Djiringanj Connections

On Djiringanj Country, UOW Bega Valley has a proud connection with local Community

Sharing culture at Graduation

The 2023 UOW Bega Valley Graduation was opened with an Indigenous ceremony led by Djiringanj women and children. The Djidjarns, local Djiringanj choir, sang in Djiringanj language to celebrate the student’s educational journey and success.  Djiringanj Elders Glenda Dixon and Ellen Mundy said the Indigenous Ceremony had been the first of its kind at a University Graduation Ceremony in Bega. The Djiringanj Elders and women worked with UOW Bega's Indigenous Student Success Advisor, Emma Stewart, to collect ochre and create cultural necklaces and earrings on country at Mogareeka. These were presented by the Elders to the three Indigenous graduates after the formal proceedings in the Bunaan ring located within Littleton Gardens, Bega. 

“Recognition of the Djiringanj people, community and culture is important. We want to encourage Aboriginal students and community to feel safe and comfortable to study at UOW. We want a good relationship between Aboriginal and non-Aboriginal people. Working with UOW Bega is creating meaningful reconciliation and positive change for our community” – Aunty Ellen Mundy, Local Djiringanj Elder.

Three graduates with Indigenous Elders from Bega Community
UOW Bega 2022 Indigenous Nursing graduates Charlotte Smith-Bull, Briony Ferris & Kayla Crofts with Aunty Glennda Dixon, Aunty Ellen Mundy & Bronwyn Luff

The story of Bega

In 2022 a collaborative community project began with local Djiringanj Elders, Aboriginal community members and UOW Bega staff, envisioning to create a cultural safe space at the entrance of the campus.

After consulting, listening and learning from Local Elder Aunty Ellen Mundy, and Djiringanj artist Bronwyn Luff, "My Dreaming Track of Knowledge with Community and Elders" was created, an artwork depicting the story and cultural significance of the Bega Valley.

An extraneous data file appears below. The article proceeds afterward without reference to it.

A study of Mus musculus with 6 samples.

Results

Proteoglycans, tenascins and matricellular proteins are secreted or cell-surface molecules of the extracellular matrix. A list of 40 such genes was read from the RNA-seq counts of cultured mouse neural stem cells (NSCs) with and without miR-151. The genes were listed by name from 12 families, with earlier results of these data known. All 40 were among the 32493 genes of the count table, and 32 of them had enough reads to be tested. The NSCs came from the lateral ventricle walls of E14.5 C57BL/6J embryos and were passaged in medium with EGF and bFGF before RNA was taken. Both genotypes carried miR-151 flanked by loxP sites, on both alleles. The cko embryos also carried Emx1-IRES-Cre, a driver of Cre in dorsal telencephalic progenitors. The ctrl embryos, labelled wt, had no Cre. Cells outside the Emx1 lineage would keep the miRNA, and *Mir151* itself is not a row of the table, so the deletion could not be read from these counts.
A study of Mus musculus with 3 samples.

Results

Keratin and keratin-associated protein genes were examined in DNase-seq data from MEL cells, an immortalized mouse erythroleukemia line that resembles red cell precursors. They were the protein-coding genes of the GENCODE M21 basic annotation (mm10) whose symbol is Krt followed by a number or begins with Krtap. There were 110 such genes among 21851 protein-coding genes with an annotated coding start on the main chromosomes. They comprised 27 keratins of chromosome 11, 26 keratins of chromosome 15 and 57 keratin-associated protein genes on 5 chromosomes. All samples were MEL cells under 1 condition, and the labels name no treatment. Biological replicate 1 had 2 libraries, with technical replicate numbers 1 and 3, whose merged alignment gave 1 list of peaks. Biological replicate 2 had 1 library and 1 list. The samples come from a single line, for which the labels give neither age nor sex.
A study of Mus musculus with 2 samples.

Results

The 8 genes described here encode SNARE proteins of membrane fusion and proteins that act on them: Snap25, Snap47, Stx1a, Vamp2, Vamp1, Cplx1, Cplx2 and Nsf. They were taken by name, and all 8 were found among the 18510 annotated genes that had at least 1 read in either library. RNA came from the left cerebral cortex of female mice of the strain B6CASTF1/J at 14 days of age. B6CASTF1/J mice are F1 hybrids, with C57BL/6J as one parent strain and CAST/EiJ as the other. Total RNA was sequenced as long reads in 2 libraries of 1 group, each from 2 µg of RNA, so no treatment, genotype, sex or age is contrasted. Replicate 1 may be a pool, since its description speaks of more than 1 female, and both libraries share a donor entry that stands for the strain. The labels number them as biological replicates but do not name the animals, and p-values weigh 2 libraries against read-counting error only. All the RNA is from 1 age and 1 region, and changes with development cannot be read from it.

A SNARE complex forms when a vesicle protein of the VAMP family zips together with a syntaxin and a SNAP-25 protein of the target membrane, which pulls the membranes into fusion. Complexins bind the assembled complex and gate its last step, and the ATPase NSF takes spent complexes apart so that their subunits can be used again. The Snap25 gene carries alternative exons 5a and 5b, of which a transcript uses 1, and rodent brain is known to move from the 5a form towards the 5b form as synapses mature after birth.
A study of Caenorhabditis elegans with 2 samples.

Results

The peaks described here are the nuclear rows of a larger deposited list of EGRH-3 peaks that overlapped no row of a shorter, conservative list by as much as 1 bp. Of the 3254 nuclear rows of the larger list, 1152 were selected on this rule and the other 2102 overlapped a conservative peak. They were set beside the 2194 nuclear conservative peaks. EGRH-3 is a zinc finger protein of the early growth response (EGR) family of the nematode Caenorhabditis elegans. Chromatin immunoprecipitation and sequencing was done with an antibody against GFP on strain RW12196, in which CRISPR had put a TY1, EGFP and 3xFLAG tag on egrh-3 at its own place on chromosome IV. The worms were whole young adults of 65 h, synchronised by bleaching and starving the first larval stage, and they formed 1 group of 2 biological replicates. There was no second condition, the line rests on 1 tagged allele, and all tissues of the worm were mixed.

Aunty Ellen Mundy has shared 11 words in local Djiringanj language, which have been shared within a teaching resource and website for local community to learn more about Djiringanj culture and the significance of Bega. These words, their pronunciation and the cultural significance depicted within the artwork is shared below.

Aboriginal Artwork depicting the cultural significance of Bega Valley
"My Dreaming Track of Knowledge with Community and Elders" by Bronwyn Luff

My Dreaming Track of Knowledge with Community and Elders

Artist: Bronwyn Luff, Djiringanj and Ngarigo descendant.
Elder and Knowledge Holder: Aunty Ellen Mundy Djiringanj and Ngarigo descendant.

The Sun
The wattle
Bega Valley
Bunan Rings
The bogong moth
The tree
The walking tracks

Djiringanj Language

Word Meaning
Bunja Remember
Bundjala Think
Burraaali Answer
Dhuri Grow
Gumung Talk
Mundar Strong
Bagam Sit
Badjga Get up
Coonjee Camp
Bindi Give
Burnung Tall

Smoking Ceremony at Bega campus

The community celebrates the exciting launch of a new project, Djiringanj Community Learning Resource and Artwork at UOW Bega

Smoking Ceremony conducted by Uncle David Dixon

Didgeridoo performance by Uncle Lou Campbell

The community celebrates the exciting launch of a new project at UOW Bega

Project: Djiringanj Community Learning Resource and Artwork

Created and organised by the following four women: Aunty Ellen Mundy, Bronwyn Luff, Emma Stewart and Sam Avitaia

Uncle David Dixon closes the launch with a smoking ceremony

Uncle David invites young leader Marcus Mundy to continue

Video provided by Bega District News

The artwork, stories and language depicted in this project remains the cultural and intellectual property of Aunty Ellen Mundy and Bronwyn Luff. Schools and community groups wishing to utilise these words and resources are warmly invited and encouraged to contact Bega Lands Council to organise knowledge sharing events with local elders.

Thank you to Aunty Ellen Mundy, Aunty Glennda Dixon, Bronwyn Luff, Erika Luff & Marcus Mundy, cultural knowledge holders and valued friends of UOW Bega Valley. Thank you to cultural connector Emma Stewart, UOW Bega Valley Indigenous Student Success Advisor.